The clinical, CSF, imaging, and virological features of varicella zoster virus (VZV) vasculopathies in 30 patients (7 children) are reviewed by researchers at various centers in the US and internationally. The data obtained on the 7 children, ages 1-7 and 18, show rash in 5, CSF pleocytosis in 6, focal lesions on MRI/CT in 7, focal vascular abnormalities by angiography or MRA in 3 of 4 tested, small vessel involvement in 2 and mixed in 5, CSF VZV DNA in 2, and IgG in 5, and reduced serum/CSF ratio of VZV IgG in 5, confirmation of intrathecal synthesis. Average time from rash to neurologic symptoms and signs and virologic analysis was 4.1 months. In children it varied from 1-2 days to 3 months. Detection of anti-VZV IgG antibody in CSF is a more sensitive indicator of VZV vasculopathy than VZV DNA (p < 0.001). Of 15 patients (13 adults and 2 children) treated with IV acyclovir alone for 10-28 days, 66% improved or stabilized compared to 75% of 12 patients (9 adults and 3 children) who received both IV acyclovir and steroids. Of 2 children not treated, 1 stabilized and the other improved slowly.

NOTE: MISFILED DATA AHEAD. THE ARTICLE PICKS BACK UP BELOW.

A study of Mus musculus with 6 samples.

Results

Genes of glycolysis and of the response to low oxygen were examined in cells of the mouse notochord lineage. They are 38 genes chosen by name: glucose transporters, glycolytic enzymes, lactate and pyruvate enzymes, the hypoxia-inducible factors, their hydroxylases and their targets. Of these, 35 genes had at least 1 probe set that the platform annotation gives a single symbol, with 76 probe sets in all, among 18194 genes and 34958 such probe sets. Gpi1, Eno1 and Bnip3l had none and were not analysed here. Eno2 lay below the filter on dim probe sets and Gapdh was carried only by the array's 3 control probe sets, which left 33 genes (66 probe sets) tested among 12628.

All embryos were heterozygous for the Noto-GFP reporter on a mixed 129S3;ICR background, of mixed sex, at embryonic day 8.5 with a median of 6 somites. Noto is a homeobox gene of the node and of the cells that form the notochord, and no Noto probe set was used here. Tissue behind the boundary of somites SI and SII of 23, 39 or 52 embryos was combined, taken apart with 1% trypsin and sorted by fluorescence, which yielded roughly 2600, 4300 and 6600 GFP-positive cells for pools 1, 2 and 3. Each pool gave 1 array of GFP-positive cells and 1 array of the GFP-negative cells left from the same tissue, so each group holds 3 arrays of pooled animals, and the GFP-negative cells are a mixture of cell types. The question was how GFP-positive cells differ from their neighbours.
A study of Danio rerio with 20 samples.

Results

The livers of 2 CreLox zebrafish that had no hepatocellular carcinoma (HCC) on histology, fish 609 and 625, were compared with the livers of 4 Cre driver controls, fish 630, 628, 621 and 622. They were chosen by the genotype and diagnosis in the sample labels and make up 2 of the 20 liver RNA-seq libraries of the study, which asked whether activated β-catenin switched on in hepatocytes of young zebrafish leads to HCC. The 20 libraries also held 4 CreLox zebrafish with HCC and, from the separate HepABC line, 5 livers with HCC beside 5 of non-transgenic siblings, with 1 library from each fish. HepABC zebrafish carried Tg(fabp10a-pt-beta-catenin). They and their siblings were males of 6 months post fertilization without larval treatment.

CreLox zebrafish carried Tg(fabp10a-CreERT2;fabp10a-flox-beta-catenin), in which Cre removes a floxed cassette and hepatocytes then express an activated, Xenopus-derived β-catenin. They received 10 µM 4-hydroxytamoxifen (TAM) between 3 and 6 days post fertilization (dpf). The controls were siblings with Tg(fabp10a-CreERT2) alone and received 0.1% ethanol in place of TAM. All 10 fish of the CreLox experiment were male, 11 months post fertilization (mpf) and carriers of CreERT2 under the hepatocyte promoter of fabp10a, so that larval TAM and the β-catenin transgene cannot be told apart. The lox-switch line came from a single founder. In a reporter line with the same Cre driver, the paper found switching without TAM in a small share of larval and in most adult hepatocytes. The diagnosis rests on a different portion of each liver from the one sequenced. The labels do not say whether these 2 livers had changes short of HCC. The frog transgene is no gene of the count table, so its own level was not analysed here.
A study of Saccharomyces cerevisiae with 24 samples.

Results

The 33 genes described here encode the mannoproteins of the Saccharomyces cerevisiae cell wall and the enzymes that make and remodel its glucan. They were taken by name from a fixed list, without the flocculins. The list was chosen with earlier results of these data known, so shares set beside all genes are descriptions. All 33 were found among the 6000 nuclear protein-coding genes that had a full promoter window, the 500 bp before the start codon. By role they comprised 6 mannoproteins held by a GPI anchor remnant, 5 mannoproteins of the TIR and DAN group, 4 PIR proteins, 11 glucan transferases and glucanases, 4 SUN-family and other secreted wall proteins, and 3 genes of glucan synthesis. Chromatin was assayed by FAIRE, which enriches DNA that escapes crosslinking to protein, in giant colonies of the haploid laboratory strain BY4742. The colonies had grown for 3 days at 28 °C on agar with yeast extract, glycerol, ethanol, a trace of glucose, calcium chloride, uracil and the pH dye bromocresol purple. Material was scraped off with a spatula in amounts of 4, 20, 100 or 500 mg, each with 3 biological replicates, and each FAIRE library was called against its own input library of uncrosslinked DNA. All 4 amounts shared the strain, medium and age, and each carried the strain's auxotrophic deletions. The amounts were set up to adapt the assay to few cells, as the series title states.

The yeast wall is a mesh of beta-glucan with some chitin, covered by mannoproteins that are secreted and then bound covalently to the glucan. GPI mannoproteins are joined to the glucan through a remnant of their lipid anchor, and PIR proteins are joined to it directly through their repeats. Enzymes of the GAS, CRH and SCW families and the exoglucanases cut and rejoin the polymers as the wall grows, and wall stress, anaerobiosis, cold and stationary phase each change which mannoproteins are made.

COMMENT. VZV is a possible cause of stroke in children and adults, even without a history of rash. Prior rash was absent in 29% of children and in 40% of the total group. Symptoms of vasculopathy can be delayed up to 3 months after the rash in children, 4 months in adults. CSF pleocytosis was present in the majority (86%) of children, but absent in 33% of the total group.
Acute infection, viral or bacterial, is a risk factor for cerebral infarction and stroke in all age groups. The reported prevalence of infection in the week preceding ischemic stroke ranges from 10% to 35%. Influenza vaccination has been correlated with a lower risk of stroke. 
Herpes zoster live-attenuated vaccine in elderly subjects was effective and increased VZV-T cell-mediated immunity within 6 weeks after vaccination. Boosting immunity by vaccination should protect older adults against herpes zoster and postherpetic neuralgia, at least 4 years or longer.